My mother likes my column (I know, she's meant to say that!) but she also thinks I've been squeezing in too many of Whanganui's fantastic features too quickly and won't be able to keep up the pace.

I'm not worried as yet another surprise discovery this week came when I was writing for the Plunket newsletter and found out about Petit Voyage - one more fabulous Whanganui mum working from home and creating a career built on sustainability principles.

Laura Dickson employs two local woodturners who craft children's rattles, teethers and puzzles from native timbers to her design, which are then packaged up in stunning keepsake boxes.

She's stocked by 15 companies from Dunedin to Auckland including Country Lane Originals on Victoria Ave and she's hoping her next break is into the Asian market - another wonderful buy local option for Whanganui people.


But let's not forget the other ways to support our region, even if you're on a budget: garage sales, charity shops and school galas. My kids and I are looking forward to supporting our friends at the St Marcellin School gala next Saturday.

Given the widespread community involvement in Whanganui, I was pretty surprised at the second council candidates' evening last Friday when a few of the candidates said they felt the council's debt issues justified cuts to community group funding. One candidate even said community groups and volunteers should work harder.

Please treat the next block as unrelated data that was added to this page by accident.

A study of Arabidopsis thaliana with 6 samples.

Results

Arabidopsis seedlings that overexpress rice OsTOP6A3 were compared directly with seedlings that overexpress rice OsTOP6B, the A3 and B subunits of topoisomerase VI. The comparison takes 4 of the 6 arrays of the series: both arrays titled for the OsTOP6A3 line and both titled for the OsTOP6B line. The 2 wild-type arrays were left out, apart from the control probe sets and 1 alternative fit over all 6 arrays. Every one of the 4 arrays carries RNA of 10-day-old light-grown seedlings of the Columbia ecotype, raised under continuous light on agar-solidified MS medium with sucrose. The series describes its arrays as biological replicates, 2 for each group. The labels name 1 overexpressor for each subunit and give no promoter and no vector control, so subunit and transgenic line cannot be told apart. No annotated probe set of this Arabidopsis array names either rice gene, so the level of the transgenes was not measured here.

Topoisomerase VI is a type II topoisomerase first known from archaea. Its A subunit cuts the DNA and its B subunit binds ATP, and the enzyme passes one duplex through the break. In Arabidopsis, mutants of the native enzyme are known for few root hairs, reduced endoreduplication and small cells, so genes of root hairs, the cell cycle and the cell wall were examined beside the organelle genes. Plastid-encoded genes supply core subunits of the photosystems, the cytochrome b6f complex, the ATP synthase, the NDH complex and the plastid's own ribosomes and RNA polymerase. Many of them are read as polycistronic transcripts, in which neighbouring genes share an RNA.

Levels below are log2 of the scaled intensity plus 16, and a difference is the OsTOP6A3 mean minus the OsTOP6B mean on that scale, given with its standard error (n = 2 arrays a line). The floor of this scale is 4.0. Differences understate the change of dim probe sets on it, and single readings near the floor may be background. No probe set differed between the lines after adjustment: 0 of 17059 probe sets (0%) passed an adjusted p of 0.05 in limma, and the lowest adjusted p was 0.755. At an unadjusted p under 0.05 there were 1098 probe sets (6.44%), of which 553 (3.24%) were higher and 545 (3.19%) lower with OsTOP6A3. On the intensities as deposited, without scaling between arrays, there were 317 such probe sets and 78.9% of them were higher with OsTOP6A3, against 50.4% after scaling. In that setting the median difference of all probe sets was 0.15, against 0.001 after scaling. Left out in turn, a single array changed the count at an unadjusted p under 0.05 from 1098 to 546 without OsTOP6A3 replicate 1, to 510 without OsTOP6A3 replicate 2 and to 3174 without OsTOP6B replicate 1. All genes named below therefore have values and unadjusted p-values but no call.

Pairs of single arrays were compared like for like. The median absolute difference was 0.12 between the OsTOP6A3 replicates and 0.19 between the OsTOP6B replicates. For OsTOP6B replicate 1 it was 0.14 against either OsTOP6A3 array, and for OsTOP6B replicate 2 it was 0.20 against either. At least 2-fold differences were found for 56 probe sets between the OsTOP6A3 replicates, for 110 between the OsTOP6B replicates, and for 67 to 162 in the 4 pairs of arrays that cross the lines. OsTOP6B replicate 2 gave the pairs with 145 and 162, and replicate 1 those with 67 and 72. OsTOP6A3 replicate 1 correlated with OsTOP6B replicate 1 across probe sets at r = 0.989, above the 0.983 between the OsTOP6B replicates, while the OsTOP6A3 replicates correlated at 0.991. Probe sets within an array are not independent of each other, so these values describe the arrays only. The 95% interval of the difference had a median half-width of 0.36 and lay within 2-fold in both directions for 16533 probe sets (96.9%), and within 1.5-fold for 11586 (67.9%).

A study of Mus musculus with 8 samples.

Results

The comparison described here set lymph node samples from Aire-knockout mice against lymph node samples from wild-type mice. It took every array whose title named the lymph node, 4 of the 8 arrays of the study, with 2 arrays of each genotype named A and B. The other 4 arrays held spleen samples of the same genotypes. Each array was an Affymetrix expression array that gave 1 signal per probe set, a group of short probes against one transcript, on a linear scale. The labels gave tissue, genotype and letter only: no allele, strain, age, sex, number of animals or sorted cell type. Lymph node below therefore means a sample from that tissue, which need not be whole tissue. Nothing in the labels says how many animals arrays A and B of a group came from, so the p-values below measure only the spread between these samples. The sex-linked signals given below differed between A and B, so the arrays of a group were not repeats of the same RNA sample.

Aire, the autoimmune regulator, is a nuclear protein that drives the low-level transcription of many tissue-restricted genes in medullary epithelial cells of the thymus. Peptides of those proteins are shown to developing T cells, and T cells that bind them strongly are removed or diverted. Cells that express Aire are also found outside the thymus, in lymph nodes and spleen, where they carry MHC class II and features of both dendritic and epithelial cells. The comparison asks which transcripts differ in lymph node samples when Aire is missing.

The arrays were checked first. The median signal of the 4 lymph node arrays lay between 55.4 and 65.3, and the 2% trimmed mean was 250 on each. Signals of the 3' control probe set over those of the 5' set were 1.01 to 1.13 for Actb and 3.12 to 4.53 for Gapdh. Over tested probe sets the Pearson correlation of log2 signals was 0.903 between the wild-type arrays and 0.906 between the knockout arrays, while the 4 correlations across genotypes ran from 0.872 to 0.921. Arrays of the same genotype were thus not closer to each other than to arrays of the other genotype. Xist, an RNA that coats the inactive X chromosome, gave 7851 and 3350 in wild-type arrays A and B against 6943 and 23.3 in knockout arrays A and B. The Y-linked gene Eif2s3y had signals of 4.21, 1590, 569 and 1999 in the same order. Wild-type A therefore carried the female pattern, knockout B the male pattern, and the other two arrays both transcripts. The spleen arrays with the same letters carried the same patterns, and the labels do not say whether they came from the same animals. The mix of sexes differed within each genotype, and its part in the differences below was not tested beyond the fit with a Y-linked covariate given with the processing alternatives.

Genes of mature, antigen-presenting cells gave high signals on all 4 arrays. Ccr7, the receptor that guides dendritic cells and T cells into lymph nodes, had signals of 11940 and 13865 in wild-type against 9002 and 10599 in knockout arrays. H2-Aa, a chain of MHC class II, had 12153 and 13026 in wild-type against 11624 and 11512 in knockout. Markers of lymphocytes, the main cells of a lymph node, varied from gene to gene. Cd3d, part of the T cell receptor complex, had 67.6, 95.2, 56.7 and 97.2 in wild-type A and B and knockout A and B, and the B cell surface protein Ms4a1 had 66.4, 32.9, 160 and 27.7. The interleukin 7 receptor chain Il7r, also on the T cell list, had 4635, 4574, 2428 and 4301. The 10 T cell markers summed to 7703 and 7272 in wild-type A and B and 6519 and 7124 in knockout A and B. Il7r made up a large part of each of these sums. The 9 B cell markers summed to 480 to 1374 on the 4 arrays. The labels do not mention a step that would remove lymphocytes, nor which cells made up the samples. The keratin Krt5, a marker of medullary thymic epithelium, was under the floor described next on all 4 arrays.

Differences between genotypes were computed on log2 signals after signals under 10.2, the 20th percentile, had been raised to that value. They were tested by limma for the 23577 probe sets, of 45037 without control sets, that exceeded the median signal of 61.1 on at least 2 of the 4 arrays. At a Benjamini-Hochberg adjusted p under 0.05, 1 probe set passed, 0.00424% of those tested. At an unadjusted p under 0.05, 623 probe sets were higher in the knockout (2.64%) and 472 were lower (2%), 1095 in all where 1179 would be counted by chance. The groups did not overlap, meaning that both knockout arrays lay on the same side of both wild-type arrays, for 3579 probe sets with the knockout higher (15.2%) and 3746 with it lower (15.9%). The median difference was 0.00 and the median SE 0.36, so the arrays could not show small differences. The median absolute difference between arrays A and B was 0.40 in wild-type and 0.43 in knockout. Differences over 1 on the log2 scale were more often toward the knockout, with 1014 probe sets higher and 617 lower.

I felt that was completely out of touch - volunteers in this city work incredibly hard to make a difference in many areas of great need. And fundraising is a tough battle as I found when supporting Plunket with annual appeals over the past two years (although I must add that I found the Pak'N Save shoppers the most generous givers out of anyone!).

Philanthropy New Zealand's 2011 report estimates that more than a million Kiwis donated nearly $1.5 billion that year. That's a lot of giving, which ranks New Zealand up with Australia as one of the most generous countries in per capita terms as tracked by the World Giving Index.

As the glass festival finishes and the literary festival kicks off, there is much evidence of the volunteers in our community supporting successful events that showcase our city for the right reasons. And as well as volunteers, we have local businesses supporting these positive profile-raising activities.

Paige's Book Gallery is a sponsor of the Whanganui Literary Festival - another local business giving back to the community. These events wouldn't happen without volunteers and I believe council contributions are an investment in this district and growing our positive reputation.

Our communities simply would not function without the many unpaid hours people put into making this city a generous and kind place.

There are so many examples of pay it forward happening with the latest I've seen being a small example of an older woman overhearing a young mum tell her son she couldn't afford to buy him a pencil case this week.

The woman slipped the mum enough money to buy a pencil case for him, but it was on sale, so the mum and son gave the extra money to a busker on the street - pay it forward in action. These little things give Whanganui its personality and are something to be proud of.

This week I'm volunteering to help organise a function to mark the 120th anniversary of suffrage - New Zealand was the first country in the world where women won the right to vote. We've come a long way since 1893 but looking at the mostly male faces standing for election to the council this cycle, we still have a way to go. Nationally it's reported that only 30 per cent of candidates are women.